Posted: December/01/2007 at 15:58
Firearms Shipping Guide
 

Shipping Legalities

Federal Law requires that all modern firearms be shipped only to a holder of a valid Federal Firearms License (FFL). The recipient must be have an FFL; however the sender is not required to have one. Any person who is legally allowed to own a firearm is legally allowed to ship it to an FFL holder for any legal purpose (including sale or resale).

 

Here is exactly what the ATF 'Federal Firearms Regulations Reference Guide' (ATF P 5300.4) says:
(B9) May a non licensee ship a firearm by carrier?
A non licensee may ship a firearm by carrier to a resident of his or her own state or to a licensee in any state. A common or contract carrier must be used to ship a handgun. In addition, Federal law requires that the carrier be notified that the shipment contains a firearm and prohibits common or contract carriers from requiring or causing any label to be placed on any package indicating that it contains a firearm. [18 U. S. C. 922( a)( 2)( A) and 922( e), 27 CFR 178.31]

 

B8) May a non licensee ship a firearm through the U. S. Postal Service?
A non licensee may mail a shotgun or rifle to a resident of his or her own state or to a licensee in any state. Handguns are not mailable. A common or contract carrier must be used to ship a handgun. A non licensee may not transfer any firearm to a non licensed resident of another state. The Postal Service recommends that long guns be sent by registered mail and that no marking of any kind which would indicate the nature of the contents be placed on the outside of any parcel containing firearms.

 

'Antique' firearms need not be shipped to a licensed dealer. These can be shipped directly to the buyer. An antique firearm is a firearm built in or before 1898, or a replica thereof. The exact ATF definition of an antique firearm is:
Antique firearm. (a) Any firearm (including any firearm with a matchlock, flintlock, percussion cap, or similar type of ignition system) manufactured in or before 1898; and (b) any replica of any firearm described in paragraph (a) of this definition if such replica (1) is not designed or redesigned for using rim fire or conventional center fire fixed ammunition, or (2) uses rim fire or conventional center fire fixed ammunition which is no longer manufactured in the United States and which is not readily available in the ordinary channels of commercial trade.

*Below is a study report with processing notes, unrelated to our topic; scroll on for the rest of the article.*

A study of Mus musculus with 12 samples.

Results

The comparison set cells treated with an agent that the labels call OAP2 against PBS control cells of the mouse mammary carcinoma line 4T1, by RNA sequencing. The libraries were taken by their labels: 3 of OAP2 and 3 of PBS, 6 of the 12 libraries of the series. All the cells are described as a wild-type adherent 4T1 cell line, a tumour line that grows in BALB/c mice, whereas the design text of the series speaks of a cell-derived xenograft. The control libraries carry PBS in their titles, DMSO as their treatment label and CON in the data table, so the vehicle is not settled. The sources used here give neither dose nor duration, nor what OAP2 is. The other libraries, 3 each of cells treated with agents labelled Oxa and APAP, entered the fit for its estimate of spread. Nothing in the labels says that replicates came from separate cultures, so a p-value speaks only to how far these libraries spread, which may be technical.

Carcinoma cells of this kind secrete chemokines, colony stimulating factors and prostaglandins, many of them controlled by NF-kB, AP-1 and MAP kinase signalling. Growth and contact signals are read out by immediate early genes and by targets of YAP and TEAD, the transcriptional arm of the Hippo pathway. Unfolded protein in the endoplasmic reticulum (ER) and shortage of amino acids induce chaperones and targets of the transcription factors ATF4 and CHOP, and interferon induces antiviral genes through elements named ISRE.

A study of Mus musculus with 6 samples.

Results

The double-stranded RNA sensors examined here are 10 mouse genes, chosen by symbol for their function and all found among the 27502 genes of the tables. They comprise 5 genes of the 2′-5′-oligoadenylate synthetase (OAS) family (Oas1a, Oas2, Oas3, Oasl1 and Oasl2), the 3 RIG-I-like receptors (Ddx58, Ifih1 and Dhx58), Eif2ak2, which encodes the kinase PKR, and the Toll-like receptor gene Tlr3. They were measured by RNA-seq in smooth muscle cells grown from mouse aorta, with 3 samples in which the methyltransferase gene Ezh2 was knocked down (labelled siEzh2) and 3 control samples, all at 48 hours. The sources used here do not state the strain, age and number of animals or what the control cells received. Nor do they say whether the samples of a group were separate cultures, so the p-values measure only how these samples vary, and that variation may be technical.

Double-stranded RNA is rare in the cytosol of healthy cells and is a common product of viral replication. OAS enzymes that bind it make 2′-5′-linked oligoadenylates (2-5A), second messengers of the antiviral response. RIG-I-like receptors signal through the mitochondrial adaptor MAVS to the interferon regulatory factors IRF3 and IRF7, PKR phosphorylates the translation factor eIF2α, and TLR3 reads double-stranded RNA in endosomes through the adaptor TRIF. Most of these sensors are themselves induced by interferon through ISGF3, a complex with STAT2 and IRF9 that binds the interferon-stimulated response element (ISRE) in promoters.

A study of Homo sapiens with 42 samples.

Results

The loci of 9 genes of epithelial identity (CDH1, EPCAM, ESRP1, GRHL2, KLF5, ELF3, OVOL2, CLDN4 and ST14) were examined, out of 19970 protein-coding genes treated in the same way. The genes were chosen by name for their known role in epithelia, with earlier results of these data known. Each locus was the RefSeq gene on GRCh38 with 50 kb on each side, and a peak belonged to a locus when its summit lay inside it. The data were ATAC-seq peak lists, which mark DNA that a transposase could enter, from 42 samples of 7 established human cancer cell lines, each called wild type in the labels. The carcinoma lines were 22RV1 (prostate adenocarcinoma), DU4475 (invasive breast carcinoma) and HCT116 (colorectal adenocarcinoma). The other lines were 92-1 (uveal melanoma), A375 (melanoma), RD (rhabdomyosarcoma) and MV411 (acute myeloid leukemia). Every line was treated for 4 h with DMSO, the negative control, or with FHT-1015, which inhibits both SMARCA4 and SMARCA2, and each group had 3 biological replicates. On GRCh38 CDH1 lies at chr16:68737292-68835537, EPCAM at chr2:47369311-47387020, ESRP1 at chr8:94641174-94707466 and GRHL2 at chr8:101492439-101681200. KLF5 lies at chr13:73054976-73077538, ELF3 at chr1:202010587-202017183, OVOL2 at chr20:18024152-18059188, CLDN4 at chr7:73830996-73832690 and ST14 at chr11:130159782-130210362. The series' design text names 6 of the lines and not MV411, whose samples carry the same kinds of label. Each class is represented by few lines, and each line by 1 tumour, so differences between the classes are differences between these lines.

Knives, air guns, accessories, and most gun parts need not be shipped to an FFL holder. We say most gun parts because each firearm contains at least one part that the ATF considers a firearm. This part is typically the part that contains the serial number. This part must be treated as a complete firearm when shipping the item.

 

Ammunition must be clearly identified as 'Small Arms Ammunition' on the outside of the box. Some shippers treat ammunition as dangerous or hazardous materials.

 

The section of the US Code that governs modern firearms is called Commerce in Firearms and Ammunition (CFA). This code is available on line at: www.atf.treas.gov/regulations/27cfr178.html

 

When in doubt, we suggest arranging for transfer through a licensed dealer. Violation of the CFA is a felony and penalties for violation of it are severe.

Chris thanks for this post,  An Individual with an FFL told me I could ship my rifle to him (out of state) and he in return could ship it back to me without restrictions or any problems.  I didn't do it because I knew that was wrong. This post confirms my thoughts.
Originally posted by Steelbenz Steelbenz wrote:

Chris thanks for this post,  An Individual with an FFL told me I could ship my rifle to him (out of state) and he in return could ship it back to me without restrictions or any problems.  I didn't do it because I knew that was wrong. This post confirms my thoughts.
 
Someone correct me if I'm wrong but if no ownership transfer takes place, such as a gunsmith doing some work on a gun, he can ship it back to you directly.
You are correct sir.  I have shipped firearms off for repair or modification and the smith is able to ship it directly back to me.